We had another chance to meet with MnDOT Com-missioner Margaret Anderson-Kelliher last Friday morning at the Southwest Corridor Trans-portation Coalition meeting in Chaska. The SWCTC is the group that advocates for improvements to Hwy. 212 focused on expanding the busy, narrow, two-lane segments each side of Cologne.
They’re also working to improve Hwy. 5 near the Arbore-tum and west to Waconia. Both roads serve our area and are badly in need of safety improvements. She expressed her department’s support for the additional lanes on Hwy. 212 and the improvements to Hwy. 5. The meeting, which started at 7:30 that morning, also included newly appointed Metropolitan Council Chairperson Nora Slawick.
We got to know her when, as the mayor of Maplewood, she participated in meetings with several of us in the Minnesota Mayors Together group, sharing and discussing issues that are common to all Minnesota cities and their residents. As chair of the Met Council, she plays a key role in deciding where road improvement funding will go in the seven counties that the Met Council serves, including Carver County. And, she started off by noting the irony of being a few minutes late that morning, due to traffic issues between St. Paul and Chaska.
The Met Council has historically been against further lane expansion on highways saying that it enables costly urban sprawl. However, that stance has changed and last month they awarded a $7 million grant toward the completion of the eastern two-lane gap between Chaska/Carver and Cologne, bringing that project to within $5 million of the $46 million needed for the project. With that much-needed support and additional support from Anderson-Kelliher and MNDOT, Carver County will soon begin the process of acquiring right-of-way for expanding this segment and is finalizing plans for construction that will begin in late 2021 or 2022.
The SWCTC is now turning its focus to the west two-lane gap between Cologne and Norwood Young America. Carver County has committed $10 million in local sales tax revenue and MnDOT has set aside $5 million in funds, leaving a $38 million funding shortfall. There will be plenty of work toward securing that money, including applying for federal grants and state funding. Finding that will be a twisted pathway, just like the highway we are trying to im-prove and make safer. Perhaps the biggest takeaway from our meeting was that Hwy. 212 is a perfect example of the critical connection needed between Greater Minnesota communities and the Metro area. It can be a “poster child” project that illustrates the inter-dependence of the rural and urban parts of the state. It’s a project that deserves to be funded.
Last weekend was busy with Red Green’s tongue-in-cheek, down-to-earth comedy at Prairie’s Edge Casino Friday night and the grand opening of Bluenose Gopher Public House on Saturday and Sunday. There was a sell-out crowd for the Red Green show and nice-sized crowds at Bluenose all afternoon and evening on Saturday and again on Sunday. We spent some time among the crowd at Bluenose on Saturday evening and it was fun to see cars parked on Prentice Street and to hear live music wafting out the door.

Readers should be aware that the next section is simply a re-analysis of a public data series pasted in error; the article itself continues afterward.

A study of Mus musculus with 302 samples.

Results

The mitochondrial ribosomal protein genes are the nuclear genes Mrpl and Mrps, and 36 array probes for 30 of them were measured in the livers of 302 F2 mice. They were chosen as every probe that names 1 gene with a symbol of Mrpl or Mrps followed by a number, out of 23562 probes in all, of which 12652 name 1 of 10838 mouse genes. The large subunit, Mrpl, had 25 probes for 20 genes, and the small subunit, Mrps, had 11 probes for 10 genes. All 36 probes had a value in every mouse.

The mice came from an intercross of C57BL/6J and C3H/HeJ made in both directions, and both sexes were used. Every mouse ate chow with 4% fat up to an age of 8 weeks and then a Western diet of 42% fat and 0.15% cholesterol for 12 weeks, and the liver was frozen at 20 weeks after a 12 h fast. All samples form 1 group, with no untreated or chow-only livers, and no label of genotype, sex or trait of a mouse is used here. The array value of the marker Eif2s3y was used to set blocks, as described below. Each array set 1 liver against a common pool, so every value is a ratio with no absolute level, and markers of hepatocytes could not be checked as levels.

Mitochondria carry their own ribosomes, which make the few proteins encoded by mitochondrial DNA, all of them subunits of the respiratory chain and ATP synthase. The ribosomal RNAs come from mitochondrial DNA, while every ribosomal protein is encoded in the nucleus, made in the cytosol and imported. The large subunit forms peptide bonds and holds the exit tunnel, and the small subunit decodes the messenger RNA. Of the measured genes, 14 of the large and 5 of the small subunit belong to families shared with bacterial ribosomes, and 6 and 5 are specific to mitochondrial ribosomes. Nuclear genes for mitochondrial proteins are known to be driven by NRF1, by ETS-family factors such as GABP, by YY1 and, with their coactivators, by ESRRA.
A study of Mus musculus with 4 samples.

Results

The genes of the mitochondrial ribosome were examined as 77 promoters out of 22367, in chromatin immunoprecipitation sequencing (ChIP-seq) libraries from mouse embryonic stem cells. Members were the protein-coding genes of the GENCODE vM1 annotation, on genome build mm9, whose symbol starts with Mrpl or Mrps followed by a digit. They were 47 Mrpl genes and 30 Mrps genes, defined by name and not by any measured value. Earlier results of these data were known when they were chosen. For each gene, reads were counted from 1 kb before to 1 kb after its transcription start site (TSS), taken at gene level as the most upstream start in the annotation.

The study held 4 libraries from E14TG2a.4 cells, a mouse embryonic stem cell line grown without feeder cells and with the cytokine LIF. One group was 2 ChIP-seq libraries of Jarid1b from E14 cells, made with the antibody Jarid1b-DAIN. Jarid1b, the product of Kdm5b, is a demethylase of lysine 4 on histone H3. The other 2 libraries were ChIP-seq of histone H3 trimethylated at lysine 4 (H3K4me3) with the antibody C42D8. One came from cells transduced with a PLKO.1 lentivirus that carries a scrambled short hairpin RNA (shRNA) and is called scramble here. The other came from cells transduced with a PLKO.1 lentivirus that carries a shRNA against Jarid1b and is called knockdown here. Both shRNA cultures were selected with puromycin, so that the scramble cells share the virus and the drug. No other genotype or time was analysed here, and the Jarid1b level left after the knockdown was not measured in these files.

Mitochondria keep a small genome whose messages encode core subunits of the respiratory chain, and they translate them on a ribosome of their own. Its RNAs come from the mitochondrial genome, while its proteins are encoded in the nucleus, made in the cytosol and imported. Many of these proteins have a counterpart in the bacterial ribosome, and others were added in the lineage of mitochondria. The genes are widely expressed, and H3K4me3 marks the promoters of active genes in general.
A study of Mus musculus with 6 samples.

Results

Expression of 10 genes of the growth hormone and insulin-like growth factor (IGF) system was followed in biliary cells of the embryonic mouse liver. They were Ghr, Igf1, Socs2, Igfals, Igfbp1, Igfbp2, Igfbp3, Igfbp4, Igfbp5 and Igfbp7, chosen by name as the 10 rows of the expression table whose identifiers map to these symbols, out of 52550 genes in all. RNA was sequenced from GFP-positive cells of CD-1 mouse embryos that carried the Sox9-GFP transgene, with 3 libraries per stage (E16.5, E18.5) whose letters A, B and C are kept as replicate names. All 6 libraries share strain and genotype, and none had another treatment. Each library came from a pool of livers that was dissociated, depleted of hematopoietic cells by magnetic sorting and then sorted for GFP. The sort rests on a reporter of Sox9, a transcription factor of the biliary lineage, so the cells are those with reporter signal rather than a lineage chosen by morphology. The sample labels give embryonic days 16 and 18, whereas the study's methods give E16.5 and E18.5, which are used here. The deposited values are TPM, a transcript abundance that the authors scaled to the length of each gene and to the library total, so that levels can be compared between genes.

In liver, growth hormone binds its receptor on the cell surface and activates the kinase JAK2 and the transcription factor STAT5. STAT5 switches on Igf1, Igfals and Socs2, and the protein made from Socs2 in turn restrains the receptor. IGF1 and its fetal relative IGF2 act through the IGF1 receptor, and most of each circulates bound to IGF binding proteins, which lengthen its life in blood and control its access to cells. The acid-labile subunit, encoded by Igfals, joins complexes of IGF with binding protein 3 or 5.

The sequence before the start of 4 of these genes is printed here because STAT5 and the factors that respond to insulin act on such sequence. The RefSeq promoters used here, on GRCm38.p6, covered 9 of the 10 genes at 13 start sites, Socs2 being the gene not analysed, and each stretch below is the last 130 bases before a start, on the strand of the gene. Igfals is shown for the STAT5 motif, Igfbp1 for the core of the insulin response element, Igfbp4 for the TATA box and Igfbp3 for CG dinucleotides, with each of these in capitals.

The long five-year journey to get the place up and running has been a test of patience and stick-to-it-iveness. The co-op model lends itself to decision-making by committee, which can be a challenge sometimes. Still, they persevered and gained the membership and the funding to pull it off. It was fun to hear Scott Marquart from the Southwest Initiative Foundation remark about SWIF’s support, that their business loan to Bluenose was a no-brainer and that the project fit perfectly with their goal for bolstering main streets.
All the recent talk about river flooding took a twist late last week when Hwy. 67, which was closed for high water near the former Sebring Dairy, also would have to close just beyond the Upper Sioux Agency State Park entrance. This was no highwater situation, however. MnDOT is calling it a collapse of the road surface. A Sunday drive to the State Park and a short and pleasant walk down the highway to the affected area was eye-opening. This collapse looked like a scene from an earthquake, with gaping cracks in the road surface and sections of the surface displaced by more than a foot.
The cracks had been evident for some time and worsened this winter. MnDOT placed “Bump” signs, warning drivers of the twisted roadway but the sudden slip of underground soils last week forced them to close the road to traffic. The affected area is between the park’s main entrance and the road to the park’s maintenance shop, up the hill from the Yellow Medicine River campground. That means the route between the Visitor Center and the Campground or shop, normally a half mile, will be around 15 miles using the bridge over the Yellow Medicine River on Highway 274 to Wood Lake and assorted county highways. Fortunately, the State Park remains open.
The Visitor Center area and historic sites, as well as the horse rider campground are accessible from Granite Falls, from the west on Highway 67. The Yellow Medicine River Campground area will be accessible from the east on Hwy. 67. This roadway condition is yet another in a long list of soil/roadbed issues on Hwy. 67 that have caused headaches for MnDOT and the traveling public.
No doubt fixing this will take some time and may stretch well into the spring and summer. MnDOT has had $500,000 programmed for repairing this area in 2020. Fixing this may be more expensive than that. Hopefully emergency funding can be found to begin repairs as soon as the soil condition is suitable.